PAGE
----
Scientific classification
Genus:
Pterostylis
Species:
erubescens
Synonyms

Diplodium brevichilum (D.L.Jones & C.J.French) D.L.Jones

Pterostylis erubescens, commonly known as the red sepaled snail orchid, is a species of orchid endemic to the south-west of Western Australia. Non-flowering plants have a rosette of leaves flat on the ground but flowering plants lack a rosette and have a single large green flower which turns reddish-brown as it ages, and has leaves on the flowering spike.

Description

Pterostylis erubescens is a terrestrial, perennial, deciduous, herb with an underground tuber and when not flowering, a rosette of leaves 15–25 mm (0.6–1 in) in diameter. Flowering plants have a single green flower 12–20 mm (0.5–0.8 in) long and 6–10 mm (0.2–0.4 in) wide on a flowering stem 60–200 mm (2–8 in) high. The flowers turn reddish-brown as they age. There are up to ten leaves 8–22 mm (0.3–0.9 in) long and 4–10 mm (0.16–0.39 in) wide on the flowering stem. The dorsal sepal and petals are fused, forming a hood or "galea" over the column, the dorsal sepal with a tapered tip and the petals broadly flared. The lateral sepals are held close to the galea, almost close off the front of the flower and have erect, thread-like tips 12–23 mm (0.5–0.9 in) long. The labellum is relatively large but not visible from outside the flower. Flowering occurs from late July to September.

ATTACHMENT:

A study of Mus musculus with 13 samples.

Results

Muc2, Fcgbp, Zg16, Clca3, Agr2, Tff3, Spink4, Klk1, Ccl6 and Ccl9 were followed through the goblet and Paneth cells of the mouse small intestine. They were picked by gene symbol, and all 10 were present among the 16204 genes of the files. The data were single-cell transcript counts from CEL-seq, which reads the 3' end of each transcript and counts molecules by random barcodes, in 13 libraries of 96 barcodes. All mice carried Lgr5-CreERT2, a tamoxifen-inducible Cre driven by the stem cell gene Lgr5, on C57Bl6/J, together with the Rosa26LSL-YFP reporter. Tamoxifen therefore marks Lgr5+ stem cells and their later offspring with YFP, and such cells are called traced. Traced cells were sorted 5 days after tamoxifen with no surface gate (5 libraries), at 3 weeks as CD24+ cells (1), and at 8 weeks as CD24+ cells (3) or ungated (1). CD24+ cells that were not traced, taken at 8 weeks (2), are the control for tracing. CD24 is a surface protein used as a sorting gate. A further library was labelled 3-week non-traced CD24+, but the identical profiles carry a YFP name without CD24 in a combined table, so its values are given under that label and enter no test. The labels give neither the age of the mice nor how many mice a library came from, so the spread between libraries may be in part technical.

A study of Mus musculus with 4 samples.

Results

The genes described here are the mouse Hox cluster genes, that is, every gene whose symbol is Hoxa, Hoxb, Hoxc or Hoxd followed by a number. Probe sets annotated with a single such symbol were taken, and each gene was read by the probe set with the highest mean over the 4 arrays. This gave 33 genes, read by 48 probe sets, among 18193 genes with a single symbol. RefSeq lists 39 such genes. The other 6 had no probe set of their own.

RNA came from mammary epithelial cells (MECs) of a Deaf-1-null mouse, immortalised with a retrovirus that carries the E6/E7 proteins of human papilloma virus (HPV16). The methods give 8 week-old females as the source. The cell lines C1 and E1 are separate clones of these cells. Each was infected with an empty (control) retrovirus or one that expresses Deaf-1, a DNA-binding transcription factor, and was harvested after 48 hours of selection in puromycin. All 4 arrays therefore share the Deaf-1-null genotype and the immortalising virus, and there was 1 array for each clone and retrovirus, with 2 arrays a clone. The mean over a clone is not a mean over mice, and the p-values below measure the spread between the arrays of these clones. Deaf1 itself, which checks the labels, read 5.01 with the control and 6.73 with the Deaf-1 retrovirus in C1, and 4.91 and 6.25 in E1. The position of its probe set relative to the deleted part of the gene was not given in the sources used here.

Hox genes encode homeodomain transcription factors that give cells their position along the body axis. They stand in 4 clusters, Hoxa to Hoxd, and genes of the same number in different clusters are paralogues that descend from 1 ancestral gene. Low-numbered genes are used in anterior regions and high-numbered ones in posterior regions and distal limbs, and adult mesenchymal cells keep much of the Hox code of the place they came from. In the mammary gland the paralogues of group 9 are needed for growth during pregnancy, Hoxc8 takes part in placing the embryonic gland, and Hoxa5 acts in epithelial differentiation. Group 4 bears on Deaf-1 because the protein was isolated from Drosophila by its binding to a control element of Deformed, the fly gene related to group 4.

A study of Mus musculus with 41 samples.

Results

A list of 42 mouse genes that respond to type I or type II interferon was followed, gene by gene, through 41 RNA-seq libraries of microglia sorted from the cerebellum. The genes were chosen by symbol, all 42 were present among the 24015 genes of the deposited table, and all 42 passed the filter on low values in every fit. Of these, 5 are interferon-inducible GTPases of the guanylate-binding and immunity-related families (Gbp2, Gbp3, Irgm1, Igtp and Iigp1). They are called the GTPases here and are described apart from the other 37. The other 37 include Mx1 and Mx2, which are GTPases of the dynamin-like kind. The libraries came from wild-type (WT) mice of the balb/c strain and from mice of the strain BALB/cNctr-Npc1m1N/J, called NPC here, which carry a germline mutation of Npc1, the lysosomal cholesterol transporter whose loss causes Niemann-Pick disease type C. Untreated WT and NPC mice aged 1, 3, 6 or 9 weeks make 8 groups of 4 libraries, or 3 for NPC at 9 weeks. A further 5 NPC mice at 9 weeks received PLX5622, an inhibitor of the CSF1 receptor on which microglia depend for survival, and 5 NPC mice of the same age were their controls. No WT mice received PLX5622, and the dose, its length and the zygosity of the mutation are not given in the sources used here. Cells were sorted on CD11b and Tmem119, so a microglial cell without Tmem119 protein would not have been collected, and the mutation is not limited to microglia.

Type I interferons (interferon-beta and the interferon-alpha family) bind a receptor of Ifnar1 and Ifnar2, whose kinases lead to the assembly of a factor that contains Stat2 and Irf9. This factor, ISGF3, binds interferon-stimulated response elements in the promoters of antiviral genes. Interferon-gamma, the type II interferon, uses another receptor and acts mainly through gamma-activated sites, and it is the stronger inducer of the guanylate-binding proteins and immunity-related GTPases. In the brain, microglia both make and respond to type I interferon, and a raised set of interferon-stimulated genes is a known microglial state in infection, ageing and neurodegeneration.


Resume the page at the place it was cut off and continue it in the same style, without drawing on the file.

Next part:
Taxonomy and naming

Pterostylis erubescens was first formally described in 2014 by David Jones and Christopher French from a specimen collected near Augusta and the description was published in Australian Orchid Review. The species had previously been known as Pterostylis sp. 'red flowered'. The specific epithet (erubescens) is a Latin word meaning "reddening" referring to the colour of the upper parts of the flowers of this species.

Distribution and habitat

The red sepaled snail orchid grows in forest, woodland and around granite outcrops between Mandurah and Albany in the Esperance Plains, Jarrah Forest, Swan Coastal Plain and Warren biogeographic regions.

Conservation

Pterostylis erubescens is listed as "not threatened" by the Government of Western Australia Department of Parks and Wildlife.